Tameka Gordon, Business Reporter
The back-to-school shopping season has been met with mixed reviews by merchants amid a flurry of discounts, increased advertising of the many deals for the period, and the hustle of shoppers along the island's malls and streets.
Stores and informal traders typically report a seasonal spike in the run-up to September, but this year, the competition for the back-to-school dollar appears more intense, and sellers say it's due to cautious buyers who want their dollars to stretch.
Some retailers are optimistic.
"We do a substantial uptake in the four weeks in August," said head of the Ammar's department store, Michael Ammar Jr.
While noting that the season mostly lends itself to "a narrow" concentration of merchandise such as school bags and uniforms, Ammar lauded the added economic benefits.
"Many people tend to only look at text books and uniforms, but tertiary students also shop for groceries and clothes during this period," he said. "Plus, the added foot traffic around the time affords the opportunity for businesses to offer other deals when shoppers come in - which also impacts revenue," he said.
However, some retailers have lamented the "slow pace" of the season.
"This year is off to a slow start," said a representative of Joseph's haberdashery.
"The season is almost over but let's see," the rep said almost fatalistically.
Jamaica is not known to do spending projections or even to tally annual back-to-school spend - though the economic agencies tend to point to the activity in their various analyses. Otherwise, the season is often read by the temperature of retailers.
Jamaica Chamber of Commerce head, Francis Kennedy, is projecting weaker performance in sales volume compared to previous years.
"It is probably the second largest annual selling event, but merchants will be lucky this year if they maintain last year's sales," said Kennedy.
By his reckoning, the prevailing state of the economy, coupled with the loss in standing of the local currency to its US counterpart, will result in a fall-off in spending for the period.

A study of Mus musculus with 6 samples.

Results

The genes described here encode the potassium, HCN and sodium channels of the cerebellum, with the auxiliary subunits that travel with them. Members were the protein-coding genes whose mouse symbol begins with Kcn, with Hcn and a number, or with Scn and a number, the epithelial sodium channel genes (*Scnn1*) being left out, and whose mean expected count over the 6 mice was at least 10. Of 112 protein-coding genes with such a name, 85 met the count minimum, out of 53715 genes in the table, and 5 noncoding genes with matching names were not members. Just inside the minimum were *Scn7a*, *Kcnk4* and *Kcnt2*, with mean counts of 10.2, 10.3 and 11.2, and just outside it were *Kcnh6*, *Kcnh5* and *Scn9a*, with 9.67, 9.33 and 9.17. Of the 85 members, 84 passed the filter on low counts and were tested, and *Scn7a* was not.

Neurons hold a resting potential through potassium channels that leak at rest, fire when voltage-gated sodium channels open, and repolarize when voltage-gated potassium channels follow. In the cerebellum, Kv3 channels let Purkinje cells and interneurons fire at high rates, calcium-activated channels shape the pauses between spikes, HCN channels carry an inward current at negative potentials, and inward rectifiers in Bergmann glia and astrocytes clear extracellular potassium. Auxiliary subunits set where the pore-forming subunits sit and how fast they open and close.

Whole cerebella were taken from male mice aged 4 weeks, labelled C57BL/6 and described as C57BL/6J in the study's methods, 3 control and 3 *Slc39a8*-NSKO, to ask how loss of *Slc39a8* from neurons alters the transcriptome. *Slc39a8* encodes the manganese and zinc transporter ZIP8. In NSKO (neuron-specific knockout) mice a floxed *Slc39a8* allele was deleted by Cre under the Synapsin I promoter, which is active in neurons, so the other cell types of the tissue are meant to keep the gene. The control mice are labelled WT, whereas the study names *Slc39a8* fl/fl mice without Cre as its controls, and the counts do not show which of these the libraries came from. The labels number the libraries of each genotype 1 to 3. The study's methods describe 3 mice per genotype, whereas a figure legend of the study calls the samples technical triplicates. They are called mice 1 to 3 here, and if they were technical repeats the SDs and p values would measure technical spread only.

"I think what's going to happen is that parents are just going to buy exactly what they need," he said. "Sales will not go up; in fact, if sales are even the same, the volume will decrease by at least 10 to 12 per cent," he said.
Month-end salary boost
Beckford Street vendor, Janet Walters, expressed a similar cautiously optimistic view. For her, things are a little slow now, but she expects a boost when shoppers pocket their August month-end salaries.
The 52-year-old expects to invest at least J$15,000 for initial stocks of clips, ribbons, socks and merinos along with other items.
With hopes that the volume of sales will allow her to restock after selling the initial goods invested, Walters further expects "at least a J$20,000 profit for the period".
Meanwhile, both Maxie Department Store and Sangster's Bookstore have reported decreases in sales for July. Both entities, like Walters, are hopeful for increased business towards the end of August.
"We see this year being better than 2012, but not as good as previous years, Maxie head, Terrence Williams said, adding that back-to-school gains for the company tend to trump Christmas sales, annually.
August is also the "best month" for Sangster's, but the company said it has already recorded a decline in sales at mid-month, coupled with a one per cent decline for July over the 2012 period.
"We attribute this to persons sourcing second-hand books as well as a decrease in spending power," said Sangster's Nicole Reid.